With time running-out to exchange demonetised currency notes, the over 2.6 million-strong Indian community in the UAE have demanded an extension of the deadline for NRIs, citing their inability in travelling to India to exchange scrapped notes in such a short time. Expressing concern that the Indian government has not announced any reprieve for Non-Resident Indians (NRIs), the community members said that authorities should either extend the December 30 deadline to exchange old notes or provide a window here in the UAE to exchange the invalid notes, the Gulf News reported.
“The March 31 deadline is irrelevant to NRIs because it is practically impossible for them to reach a faraway RBI office while visiting India. Moreover, many expats, especially workers, go on vacation once in two years,” said Shyam Gehi, 67, a retired professional, who has been living in Dubai for more than 40 years.
“NRIs should be allowed to deposit at least up to Rs 25,000 in their bank accounts in India as and when they visit home,” said Gehi, who is from Mumbai. He also demanded that the Indian government make arrangements in the UAE to exchange invalid notes. Bency Tharakan, 43, a finance professional in Abu Dhabi, demanded that the government extend the December 31 deadline by at least one more year for NRIs.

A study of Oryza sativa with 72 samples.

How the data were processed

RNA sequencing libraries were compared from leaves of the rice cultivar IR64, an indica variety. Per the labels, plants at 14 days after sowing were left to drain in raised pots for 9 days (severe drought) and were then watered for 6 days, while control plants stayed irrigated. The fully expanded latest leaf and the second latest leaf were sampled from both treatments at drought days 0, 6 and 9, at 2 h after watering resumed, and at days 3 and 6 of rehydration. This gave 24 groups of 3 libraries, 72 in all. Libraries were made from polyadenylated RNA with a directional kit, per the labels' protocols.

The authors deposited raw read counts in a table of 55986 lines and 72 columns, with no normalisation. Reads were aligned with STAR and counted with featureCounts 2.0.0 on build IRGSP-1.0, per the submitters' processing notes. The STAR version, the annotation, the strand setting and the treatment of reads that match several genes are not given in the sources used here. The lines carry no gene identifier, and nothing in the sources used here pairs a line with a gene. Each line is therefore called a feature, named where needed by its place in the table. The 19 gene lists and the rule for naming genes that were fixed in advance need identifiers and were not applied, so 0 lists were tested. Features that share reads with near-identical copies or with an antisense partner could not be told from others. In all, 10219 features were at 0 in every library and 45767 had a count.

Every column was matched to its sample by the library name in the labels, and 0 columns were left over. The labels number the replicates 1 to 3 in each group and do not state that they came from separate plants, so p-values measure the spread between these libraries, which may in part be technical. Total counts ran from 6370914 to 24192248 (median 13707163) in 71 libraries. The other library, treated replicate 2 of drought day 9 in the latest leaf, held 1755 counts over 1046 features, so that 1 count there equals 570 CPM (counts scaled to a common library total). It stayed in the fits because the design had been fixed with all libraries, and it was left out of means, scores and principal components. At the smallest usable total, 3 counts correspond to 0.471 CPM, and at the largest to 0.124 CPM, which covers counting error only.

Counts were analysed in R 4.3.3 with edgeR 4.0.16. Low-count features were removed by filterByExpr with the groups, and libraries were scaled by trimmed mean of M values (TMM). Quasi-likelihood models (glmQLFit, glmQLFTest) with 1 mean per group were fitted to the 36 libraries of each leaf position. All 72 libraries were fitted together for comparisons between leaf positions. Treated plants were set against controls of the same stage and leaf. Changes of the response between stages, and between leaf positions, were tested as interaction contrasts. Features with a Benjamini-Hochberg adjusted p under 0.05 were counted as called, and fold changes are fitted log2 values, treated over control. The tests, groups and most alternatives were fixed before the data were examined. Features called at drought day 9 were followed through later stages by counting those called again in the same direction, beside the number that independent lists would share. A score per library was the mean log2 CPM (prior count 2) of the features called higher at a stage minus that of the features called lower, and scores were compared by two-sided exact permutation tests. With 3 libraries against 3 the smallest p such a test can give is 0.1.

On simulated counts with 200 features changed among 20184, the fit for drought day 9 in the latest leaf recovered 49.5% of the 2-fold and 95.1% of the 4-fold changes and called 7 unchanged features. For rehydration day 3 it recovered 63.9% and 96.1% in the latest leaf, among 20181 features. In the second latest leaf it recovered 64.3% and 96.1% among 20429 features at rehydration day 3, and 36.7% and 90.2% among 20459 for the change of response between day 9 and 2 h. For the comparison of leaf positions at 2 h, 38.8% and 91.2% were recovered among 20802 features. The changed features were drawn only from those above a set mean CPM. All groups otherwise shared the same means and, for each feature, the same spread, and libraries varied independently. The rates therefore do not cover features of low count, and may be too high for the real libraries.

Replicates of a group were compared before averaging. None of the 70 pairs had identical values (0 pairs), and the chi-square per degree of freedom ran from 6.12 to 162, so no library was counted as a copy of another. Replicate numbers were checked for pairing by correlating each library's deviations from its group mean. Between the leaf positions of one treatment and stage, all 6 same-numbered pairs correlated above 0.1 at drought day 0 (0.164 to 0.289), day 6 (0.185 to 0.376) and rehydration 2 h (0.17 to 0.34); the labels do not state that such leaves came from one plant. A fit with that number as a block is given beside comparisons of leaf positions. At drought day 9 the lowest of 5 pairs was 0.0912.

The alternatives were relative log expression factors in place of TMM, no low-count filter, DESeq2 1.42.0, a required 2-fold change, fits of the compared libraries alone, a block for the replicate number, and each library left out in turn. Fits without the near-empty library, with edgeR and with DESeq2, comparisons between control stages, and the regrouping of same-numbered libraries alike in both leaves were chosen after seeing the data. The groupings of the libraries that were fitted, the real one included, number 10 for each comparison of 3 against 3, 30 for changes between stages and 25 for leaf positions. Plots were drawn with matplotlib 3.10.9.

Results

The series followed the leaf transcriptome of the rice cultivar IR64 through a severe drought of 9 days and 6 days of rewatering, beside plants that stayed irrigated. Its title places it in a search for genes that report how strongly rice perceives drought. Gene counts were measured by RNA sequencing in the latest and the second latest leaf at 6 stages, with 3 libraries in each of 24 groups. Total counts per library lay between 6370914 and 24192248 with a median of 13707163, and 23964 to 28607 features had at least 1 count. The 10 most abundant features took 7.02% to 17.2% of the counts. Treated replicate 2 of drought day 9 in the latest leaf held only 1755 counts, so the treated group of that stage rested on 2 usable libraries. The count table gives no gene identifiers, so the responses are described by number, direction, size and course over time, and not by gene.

If the deadline extension is not possible, the government should authorise a money exchange centre in the UAE to exchange notes, Tharakan was quoted as saying by the paper. Anurag Kashyap, 40, a marketing professional in Abu Dhabi, suggested India authorise the Bank of Baroda, the only Indian bank with commercial operations in the UAE, to facilitate exchange of the invalid notes.
“That is the possible solution for NRIs here who are not travelling soon,” he said. An official at the Bank of Baroda office in Dubai told the paper that there was no information about the bank accepting or exchanging invalid notes. The Indian Embassy in Abu Dhabi said in a statement: “We have taken up the issues raised by the NRI community in UAE with the Ministry of Finance as well as with the RBI.”